Grace, Dignity and Efficiency – The Three Goals for Mobility

An Orientation and Mobility instructor – a person who provides assistance to people who are blind or vision impaired to travel independently, once said to me that a person with a vision impairment has the right to travel with grace, dignity and efficiency.

My daily commute to work starts out like this but is usually interrupted along the way. A person yelling ‘OVER HERE’ when you walk towards the wrong barrier at the train station, someone grabbing you by your backpack to guide you – without initially speaking or communicating, a train driver explaining where a door is like he is giving instructions to a 4 year old child and my favourite – the constant belief that you will need to sit down on the train, bus or tram.

On the flip side, there’s the people that just ignore you completely, treating you like you are not actually there. A woman – rushing for a train, slams into my shoulder, but says nothing, keeps running, she crashes in to a woman further along her path, and apologies heartedly to her.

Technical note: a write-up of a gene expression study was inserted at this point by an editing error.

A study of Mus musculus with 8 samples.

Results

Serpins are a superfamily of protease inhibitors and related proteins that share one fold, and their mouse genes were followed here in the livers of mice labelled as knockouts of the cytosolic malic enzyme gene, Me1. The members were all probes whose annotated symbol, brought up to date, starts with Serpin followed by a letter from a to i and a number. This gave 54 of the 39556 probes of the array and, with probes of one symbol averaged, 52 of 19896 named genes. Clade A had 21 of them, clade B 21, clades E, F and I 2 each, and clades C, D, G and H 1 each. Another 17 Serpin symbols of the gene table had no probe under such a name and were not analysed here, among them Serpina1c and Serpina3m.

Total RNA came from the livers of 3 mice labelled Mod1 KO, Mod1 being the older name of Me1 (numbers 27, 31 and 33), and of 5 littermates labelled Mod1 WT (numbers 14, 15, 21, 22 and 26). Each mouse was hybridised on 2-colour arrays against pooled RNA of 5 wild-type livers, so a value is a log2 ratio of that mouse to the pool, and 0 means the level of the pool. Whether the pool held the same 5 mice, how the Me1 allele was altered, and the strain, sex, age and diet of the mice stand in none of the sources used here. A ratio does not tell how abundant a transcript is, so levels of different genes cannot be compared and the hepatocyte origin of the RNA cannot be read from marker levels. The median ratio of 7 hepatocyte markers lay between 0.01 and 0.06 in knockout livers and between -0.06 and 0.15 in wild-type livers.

Yesterday on my way to work, I hopped on a bus parked in my bus’s bay – I had suspicion it wasn’t my bus – this was quickly confirmed when I enquired with the bus driver ‘Excuse me, is this the 902?’ to which he barks ‘NO!’ – clearly not in a chatty mood nor possessing any of the social graces that society may expect of him. But at least what he says is quick and to the point. Though I did miss my bus, which had pulled in to the bay before, and had departed by the time I’d hopped off the ‘NO!’ bus.

I remember last year on my walk to the train station, being confronted by a bike rider who felt the need to instruct me to ‘KEEP LEFT, KEEP LEFT’ so he could ride along the footpath.

Lectures on social étiquette are all too common in my expereience – like bus drivers who seem to feel the need to tell you, in a loud voice, to wait for passengers to exit the bus before you board.

And why people feel the need to physically grab you, to move you to that train door that you couldn’t possibly find on your own. I call it Compulsory Physical Assistance, because it’s like you have to accept it or people get angry or annoyed or confused. Its funny how also when you pull away, they grab you again, because clearly you don’t know what you’re doing. One morning at Camberwell station – it happened four times before this guy finally worked out that maybe I don’t need help.

So yes – one day I will complete an entire journey with grace, dignity and efficiency. One day.